It's been quite a week or so for Linux. First Oracle chief executive Larry Ellison announces that Oracle are to provide support for Red Hat Linux, and now executives at both Microsoft and Novell have revealed that they are to enter into a broad partnership to provide support to Linux. A new agreement will ensure that Microsoft will offer sales support for SUSE Linux, the Linux distro that is sold by Novell. Together, the two companies will develop technologies to make it easier for users to run both SUSE Linux and Windows on their computers.

Steve Ballmer, Microsoft's chief executive, said in a prepared statement. "This is a new model and a true evolution of our relationship that we think customers will immediately find compelling."
Both companies claim that the move is because corporate customers have made it clear they want to use a blend of technologies. This does of course sound like quite a strange thing for Microsoft to say (the phrase "cold day in Hell" springs to mind), but there's more: part of the agreement between the two companies covers patent cooperation and calls for both sides to agree not to pursue patent infringement claims against the other's customers.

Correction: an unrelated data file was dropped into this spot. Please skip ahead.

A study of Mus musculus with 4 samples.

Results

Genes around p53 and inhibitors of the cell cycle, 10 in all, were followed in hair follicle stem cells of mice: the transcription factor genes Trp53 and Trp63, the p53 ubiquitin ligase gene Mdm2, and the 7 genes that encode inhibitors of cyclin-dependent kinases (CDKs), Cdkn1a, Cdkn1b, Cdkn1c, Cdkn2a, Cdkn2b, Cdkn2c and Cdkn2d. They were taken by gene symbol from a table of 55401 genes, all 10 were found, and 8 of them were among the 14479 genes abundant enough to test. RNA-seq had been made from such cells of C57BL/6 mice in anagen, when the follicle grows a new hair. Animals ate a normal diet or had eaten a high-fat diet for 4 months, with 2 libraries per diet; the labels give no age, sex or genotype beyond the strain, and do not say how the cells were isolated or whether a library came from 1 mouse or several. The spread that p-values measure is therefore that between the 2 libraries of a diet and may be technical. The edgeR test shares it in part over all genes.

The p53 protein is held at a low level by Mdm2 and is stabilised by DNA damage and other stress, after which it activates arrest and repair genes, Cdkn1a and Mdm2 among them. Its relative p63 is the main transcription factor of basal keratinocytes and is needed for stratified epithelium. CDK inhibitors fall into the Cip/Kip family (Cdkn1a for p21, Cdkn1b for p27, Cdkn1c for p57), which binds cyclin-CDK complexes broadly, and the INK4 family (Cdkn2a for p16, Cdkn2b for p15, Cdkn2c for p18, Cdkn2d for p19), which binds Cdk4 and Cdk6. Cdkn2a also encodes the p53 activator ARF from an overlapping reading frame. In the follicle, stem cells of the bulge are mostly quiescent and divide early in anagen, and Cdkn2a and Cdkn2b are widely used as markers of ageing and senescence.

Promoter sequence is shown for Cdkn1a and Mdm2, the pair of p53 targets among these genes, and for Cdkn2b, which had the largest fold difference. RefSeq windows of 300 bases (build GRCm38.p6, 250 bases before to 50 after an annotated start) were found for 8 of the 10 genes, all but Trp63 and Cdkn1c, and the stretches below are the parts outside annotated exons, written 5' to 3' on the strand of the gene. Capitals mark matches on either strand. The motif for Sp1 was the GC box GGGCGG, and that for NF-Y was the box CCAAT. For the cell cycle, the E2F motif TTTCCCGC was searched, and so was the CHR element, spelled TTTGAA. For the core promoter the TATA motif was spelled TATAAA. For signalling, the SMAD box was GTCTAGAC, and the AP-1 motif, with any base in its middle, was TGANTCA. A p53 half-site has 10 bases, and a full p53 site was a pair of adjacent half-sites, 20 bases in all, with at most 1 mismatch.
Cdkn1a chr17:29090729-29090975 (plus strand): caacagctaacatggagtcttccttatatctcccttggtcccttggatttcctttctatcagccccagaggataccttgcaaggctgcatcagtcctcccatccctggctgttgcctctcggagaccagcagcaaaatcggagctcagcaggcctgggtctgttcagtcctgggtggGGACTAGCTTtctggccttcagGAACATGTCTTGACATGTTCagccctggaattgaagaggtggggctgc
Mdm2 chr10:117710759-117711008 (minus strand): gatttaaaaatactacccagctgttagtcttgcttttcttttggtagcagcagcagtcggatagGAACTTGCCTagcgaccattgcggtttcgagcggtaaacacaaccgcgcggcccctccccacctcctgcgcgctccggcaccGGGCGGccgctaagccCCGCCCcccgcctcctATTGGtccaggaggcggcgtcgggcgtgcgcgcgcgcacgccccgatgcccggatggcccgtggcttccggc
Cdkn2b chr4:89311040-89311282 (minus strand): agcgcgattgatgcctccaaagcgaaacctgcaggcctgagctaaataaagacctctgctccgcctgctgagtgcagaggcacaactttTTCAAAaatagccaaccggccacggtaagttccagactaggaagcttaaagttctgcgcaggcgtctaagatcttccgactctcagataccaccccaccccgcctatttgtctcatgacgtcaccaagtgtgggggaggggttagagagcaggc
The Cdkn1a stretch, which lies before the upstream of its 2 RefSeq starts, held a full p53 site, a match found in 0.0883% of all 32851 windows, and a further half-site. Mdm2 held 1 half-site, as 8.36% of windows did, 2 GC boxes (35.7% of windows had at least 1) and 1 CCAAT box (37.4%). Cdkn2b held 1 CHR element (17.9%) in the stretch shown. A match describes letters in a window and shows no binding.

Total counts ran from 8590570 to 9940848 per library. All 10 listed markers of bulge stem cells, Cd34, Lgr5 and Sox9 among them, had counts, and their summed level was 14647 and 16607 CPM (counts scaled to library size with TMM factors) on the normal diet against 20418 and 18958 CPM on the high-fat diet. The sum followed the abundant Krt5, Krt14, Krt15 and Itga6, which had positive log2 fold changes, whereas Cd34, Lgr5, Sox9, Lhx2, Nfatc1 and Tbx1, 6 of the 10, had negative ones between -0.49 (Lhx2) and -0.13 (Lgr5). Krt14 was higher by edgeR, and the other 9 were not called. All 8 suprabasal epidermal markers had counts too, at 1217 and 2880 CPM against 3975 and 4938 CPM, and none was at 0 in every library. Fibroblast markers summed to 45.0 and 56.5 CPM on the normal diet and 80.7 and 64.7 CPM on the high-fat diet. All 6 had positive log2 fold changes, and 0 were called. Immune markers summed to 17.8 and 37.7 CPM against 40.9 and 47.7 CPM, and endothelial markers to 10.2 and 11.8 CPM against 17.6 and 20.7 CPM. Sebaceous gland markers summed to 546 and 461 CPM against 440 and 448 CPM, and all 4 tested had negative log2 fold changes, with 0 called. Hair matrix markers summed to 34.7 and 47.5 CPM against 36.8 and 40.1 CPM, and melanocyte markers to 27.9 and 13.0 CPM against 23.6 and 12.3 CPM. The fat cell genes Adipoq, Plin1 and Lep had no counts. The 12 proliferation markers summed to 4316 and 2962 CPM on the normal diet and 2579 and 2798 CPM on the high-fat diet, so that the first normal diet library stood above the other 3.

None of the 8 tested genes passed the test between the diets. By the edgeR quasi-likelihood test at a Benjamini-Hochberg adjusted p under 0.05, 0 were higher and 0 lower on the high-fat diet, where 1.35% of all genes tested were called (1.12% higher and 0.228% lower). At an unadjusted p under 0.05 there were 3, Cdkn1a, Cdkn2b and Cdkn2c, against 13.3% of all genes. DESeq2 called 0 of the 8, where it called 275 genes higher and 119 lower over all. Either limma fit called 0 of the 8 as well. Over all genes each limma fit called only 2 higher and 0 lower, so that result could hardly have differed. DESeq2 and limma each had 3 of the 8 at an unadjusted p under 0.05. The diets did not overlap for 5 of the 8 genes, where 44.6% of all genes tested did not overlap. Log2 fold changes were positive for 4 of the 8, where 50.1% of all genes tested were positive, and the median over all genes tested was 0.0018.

"Too often technology companies ask their customers to adapt to them," said Ron Hovsepian, chief executive at Novell. "Today, we are adapting to our customers."
I can't help but see the parallels between Oracle offering support for Red Hat Linux and Microsoft now endorsing SUSE. Call me paranoid, but it feels that something is going on here, especially with the two events coming so close together, they must be in some way intertwined.